What causes breast cancer? Who’s at risk, and why?
These seem like simple questions. But the answers remain vexingly elusive.
Talk to any credible researcher and you’ll come up with a list of risk factors that can be counted on one hand — indicating not only the extent of our knowledge, but also our lack of it.
“Less than 30 to 50 percent of breast cancer can be explained by the known risk factors,” noted Joan Reinhardt Reiss, public policy advocate for San Francisco’s nonprofit Breast Cancer Fund. “So, what about the other 50 to 70 percent — where is it coming from?”
The most commonly suspected source of risk is from environmental exposures to toxins and pollutants — perhaps from industrial dumping or pesticides accumulating in the food chain.
These concerns have spurred vigorous public debate and calls for pre-emptive bans on potentially harmful chemicals.
But meticulously documented scientific evidence of chemical cancer threats to humans is scarce, in part due to the overwhelming scope and depth required for any effective study of environmental exposures.
“Environmental epidemiology is very difficult to do,” said Dr. Angela Prehn, an epidemiologist with the Northern California Cancer Center in Union City, California. “Ideally what you want is from the day a child is born to measure the air, water and food that they intake every day for their entire life. That would be the ideal study. Well, you can’t do that.”
Prehn said it’s only in the past few years that breast cancer research of any sort has received major funding. Some notable efforts looking at environmental exposure include the U.S. government-funded Long Island Breast Cancer Study Project, the research at the National Institute of Environmental Health Sciences (nih.gov/) and Nancy Rubin’s “linear plan” taking shape up in Marin County.
Meanwhile, said Prehn, “you could pull a million things out of a hat.” But she noted that while some chemical risks and associations have turned up in the laboratory, “they are not well-established in human epidemiological studies.”
The risk factors most widely recognized by the scientific community are limited to:
White, non-Hispanic women have the highest risk among the different ethnic groups, followed by African-Americans, then non-white Hispanics and finally Asian women.
Family & health history
A woman with a mother or sister with a history of pre-menopausal breast cancer has an increased risk.
A previous history of breast, ovarian or endometrial cancer indicates a higher risk.
Older age is a risk factor for almost any kind of cancer. Women over the age of 60 are at a higher risk, “and the risk goes up as age goes up. Most women are diagnosed with breast cancer in their 70s. It is not a young-woman cancer, contrary to what you might believe,” said Prehn.
Women who are obese and post-menopausal have an increased risk, but pre-menopausal obesity seems to decrease risk.
There are four major hormonal rushes during a woman’s life — in utero, pre-puberty, during pregnancy and pre-menopause — when exposure to potential environmental risk factors may be decisive.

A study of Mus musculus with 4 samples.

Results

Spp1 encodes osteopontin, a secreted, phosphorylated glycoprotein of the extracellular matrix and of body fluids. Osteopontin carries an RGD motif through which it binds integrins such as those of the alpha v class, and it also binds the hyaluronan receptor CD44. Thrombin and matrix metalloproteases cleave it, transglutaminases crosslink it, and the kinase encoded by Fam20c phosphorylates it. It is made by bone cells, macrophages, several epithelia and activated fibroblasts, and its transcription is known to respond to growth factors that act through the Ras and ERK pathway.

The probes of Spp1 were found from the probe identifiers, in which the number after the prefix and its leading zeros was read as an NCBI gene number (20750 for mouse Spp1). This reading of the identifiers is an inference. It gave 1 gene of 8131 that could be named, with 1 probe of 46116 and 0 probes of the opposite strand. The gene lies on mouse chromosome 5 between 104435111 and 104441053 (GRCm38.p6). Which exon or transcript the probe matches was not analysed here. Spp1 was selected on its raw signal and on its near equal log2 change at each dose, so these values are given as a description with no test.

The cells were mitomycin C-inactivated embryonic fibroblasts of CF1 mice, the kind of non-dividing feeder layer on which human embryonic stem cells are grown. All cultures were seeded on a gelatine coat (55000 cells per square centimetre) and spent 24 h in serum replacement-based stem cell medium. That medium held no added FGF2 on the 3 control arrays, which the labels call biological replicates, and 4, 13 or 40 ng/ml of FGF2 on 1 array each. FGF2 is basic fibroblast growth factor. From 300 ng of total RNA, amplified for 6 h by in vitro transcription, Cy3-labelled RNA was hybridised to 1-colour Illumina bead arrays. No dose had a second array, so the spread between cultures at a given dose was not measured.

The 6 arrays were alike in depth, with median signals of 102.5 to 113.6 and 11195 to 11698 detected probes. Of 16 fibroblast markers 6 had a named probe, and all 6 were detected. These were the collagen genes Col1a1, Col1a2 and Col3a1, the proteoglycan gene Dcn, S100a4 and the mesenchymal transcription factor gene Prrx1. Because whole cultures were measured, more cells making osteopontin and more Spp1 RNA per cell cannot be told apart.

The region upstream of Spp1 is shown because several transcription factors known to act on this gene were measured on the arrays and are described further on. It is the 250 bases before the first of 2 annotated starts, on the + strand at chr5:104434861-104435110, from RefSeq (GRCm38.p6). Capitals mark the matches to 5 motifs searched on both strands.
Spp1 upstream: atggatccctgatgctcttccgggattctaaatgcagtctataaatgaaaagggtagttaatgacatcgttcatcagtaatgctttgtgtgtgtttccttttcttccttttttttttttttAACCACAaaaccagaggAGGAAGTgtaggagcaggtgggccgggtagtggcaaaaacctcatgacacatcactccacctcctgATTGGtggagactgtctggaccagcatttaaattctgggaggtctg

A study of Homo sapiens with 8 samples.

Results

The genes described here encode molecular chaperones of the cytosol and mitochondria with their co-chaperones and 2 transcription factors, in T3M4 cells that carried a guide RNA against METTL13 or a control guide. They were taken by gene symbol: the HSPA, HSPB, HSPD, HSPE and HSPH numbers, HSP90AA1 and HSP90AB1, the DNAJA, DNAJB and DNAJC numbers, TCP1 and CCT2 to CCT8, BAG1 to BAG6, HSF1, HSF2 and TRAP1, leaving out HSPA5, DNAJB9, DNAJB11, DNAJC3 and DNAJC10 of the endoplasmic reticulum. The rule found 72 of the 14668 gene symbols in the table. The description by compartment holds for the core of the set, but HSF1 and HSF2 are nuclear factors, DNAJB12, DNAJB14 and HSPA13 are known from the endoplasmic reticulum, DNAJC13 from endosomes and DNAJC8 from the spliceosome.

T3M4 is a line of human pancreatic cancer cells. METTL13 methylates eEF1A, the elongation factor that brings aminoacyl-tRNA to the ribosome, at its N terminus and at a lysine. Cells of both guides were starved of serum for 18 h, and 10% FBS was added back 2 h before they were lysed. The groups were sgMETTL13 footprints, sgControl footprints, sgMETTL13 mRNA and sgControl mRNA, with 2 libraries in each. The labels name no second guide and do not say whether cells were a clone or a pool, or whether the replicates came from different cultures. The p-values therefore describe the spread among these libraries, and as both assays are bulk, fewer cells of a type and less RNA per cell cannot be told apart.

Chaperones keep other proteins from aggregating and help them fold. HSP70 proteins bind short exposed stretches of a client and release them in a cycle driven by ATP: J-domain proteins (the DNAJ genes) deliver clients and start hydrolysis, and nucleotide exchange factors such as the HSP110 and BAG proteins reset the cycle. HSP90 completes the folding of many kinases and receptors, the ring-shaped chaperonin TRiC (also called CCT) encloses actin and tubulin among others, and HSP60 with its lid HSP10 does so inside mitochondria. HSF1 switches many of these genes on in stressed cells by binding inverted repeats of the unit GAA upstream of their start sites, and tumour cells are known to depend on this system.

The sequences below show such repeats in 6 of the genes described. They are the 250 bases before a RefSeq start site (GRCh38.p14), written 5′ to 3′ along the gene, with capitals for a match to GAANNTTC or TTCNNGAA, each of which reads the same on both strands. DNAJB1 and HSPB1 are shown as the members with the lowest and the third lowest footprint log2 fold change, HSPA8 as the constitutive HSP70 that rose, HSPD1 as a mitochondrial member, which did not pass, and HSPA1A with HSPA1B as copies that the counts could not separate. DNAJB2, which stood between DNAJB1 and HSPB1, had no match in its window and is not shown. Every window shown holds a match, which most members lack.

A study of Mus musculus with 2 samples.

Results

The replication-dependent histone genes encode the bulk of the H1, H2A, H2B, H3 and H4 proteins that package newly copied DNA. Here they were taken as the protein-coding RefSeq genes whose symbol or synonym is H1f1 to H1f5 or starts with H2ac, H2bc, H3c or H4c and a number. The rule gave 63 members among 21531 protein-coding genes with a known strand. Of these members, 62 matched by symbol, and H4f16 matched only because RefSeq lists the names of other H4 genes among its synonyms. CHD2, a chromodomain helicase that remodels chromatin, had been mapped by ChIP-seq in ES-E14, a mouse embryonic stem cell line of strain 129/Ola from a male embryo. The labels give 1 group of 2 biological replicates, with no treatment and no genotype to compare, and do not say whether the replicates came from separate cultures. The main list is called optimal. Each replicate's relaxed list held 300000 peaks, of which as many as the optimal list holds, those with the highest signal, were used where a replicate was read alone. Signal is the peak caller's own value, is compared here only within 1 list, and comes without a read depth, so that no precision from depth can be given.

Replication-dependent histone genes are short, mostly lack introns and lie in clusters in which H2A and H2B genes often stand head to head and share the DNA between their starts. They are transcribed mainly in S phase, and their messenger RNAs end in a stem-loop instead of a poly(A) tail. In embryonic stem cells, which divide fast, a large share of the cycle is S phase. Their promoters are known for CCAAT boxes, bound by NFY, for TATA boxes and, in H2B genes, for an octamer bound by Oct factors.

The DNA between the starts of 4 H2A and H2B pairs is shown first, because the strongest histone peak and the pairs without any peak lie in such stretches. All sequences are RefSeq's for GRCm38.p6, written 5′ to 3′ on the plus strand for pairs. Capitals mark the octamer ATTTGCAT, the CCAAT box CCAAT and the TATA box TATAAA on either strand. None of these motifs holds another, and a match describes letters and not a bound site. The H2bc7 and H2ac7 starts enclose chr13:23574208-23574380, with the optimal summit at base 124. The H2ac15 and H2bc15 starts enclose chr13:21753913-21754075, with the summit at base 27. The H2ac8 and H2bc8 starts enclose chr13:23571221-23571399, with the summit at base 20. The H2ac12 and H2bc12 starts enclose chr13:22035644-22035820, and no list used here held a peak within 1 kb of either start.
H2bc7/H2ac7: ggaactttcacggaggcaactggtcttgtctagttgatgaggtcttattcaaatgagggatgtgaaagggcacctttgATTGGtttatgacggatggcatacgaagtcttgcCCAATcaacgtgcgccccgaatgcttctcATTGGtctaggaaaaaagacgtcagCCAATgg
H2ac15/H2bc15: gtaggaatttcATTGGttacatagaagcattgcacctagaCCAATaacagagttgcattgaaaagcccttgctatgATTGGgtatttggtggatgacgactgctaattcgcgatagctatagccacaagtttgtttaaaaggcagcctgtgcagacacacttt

Stress weakens the human immune system, so “you can certainly hypothesize that stress could be related to any cancer risk … [but] it hasn’t been talked about as being a known risk factor for breast cancer,” said Prehn.
Height is a factor. “Did you know that taller women are at a higher risk?” Prehn asked. There’s a possible connection with estrogen exposure and growth during puberty, but “they don’t know why.”
Early menarche — before age 12 or 13 — and late age at first full-term pregnancy (usually over 30 or 35 years) means a higher risk, as does late age at menopause.
Women who have their first child at a very young age — generally before age 20 — have the lowest risk.
Women who have not breast-fed their children seem to be at an increased risk, said Prehn, which “may have to do with development of breast tissue and cells dividing.”
Women who have not had any children are at a higher risk.
Perversely, if the first pregnancy occurs after age 35, that seems to increase the risk compared with not having children at all, said Dr. Timothy Crowley, director of Marin General Hospital’s Cancer Institute.
One current hypothesis connects a woman’s hormonal cycles and estrogen exposures. “If you’re not getting pregnant, you’re going through more cycles,” Prehn said, also noting that other recognized risk factors like early menarche and late menopause also mean more cycles and more exposures.
“Probably what [these] all have in common is an exposure to estrogen,” Prehn said. “I need to qualify this: There’s nobody out there that thinks estrogen itself causes breast cancer, but there are certain types of breast cancer cells that respond to estrogen. So if there’s a cell that has turned malignant, and there’s estrogen out there, it may promote the growth of the tumor. It didn’t cause the cancer in the first place but it may cause its growing and spreading.”
Childhood radiation exposure
Getting high doses of chest radiation at a young age is a proven risk factor, but is only relevant to medical x-rays, not mammograms. “This is when children were being x-rayed in the ’50s and ’60s,” Prehn said, when much higher radiation doses were the norm.
Breast cancer seems to be a disease of well-educated, affluent women, particularly white non-hispanic women.
“Certainly money doesn’t give you breast cancer,” said Prehn, “and I would hope school doesn’t give you breast cancer, so what is it? … The one thing we know is that women who are well-educated or affluent are generally the women who tend to delay childbearing, and have fewer children also, and we know those are risk factors.”
But whether that is a definitive answer, she said, has yet to be established.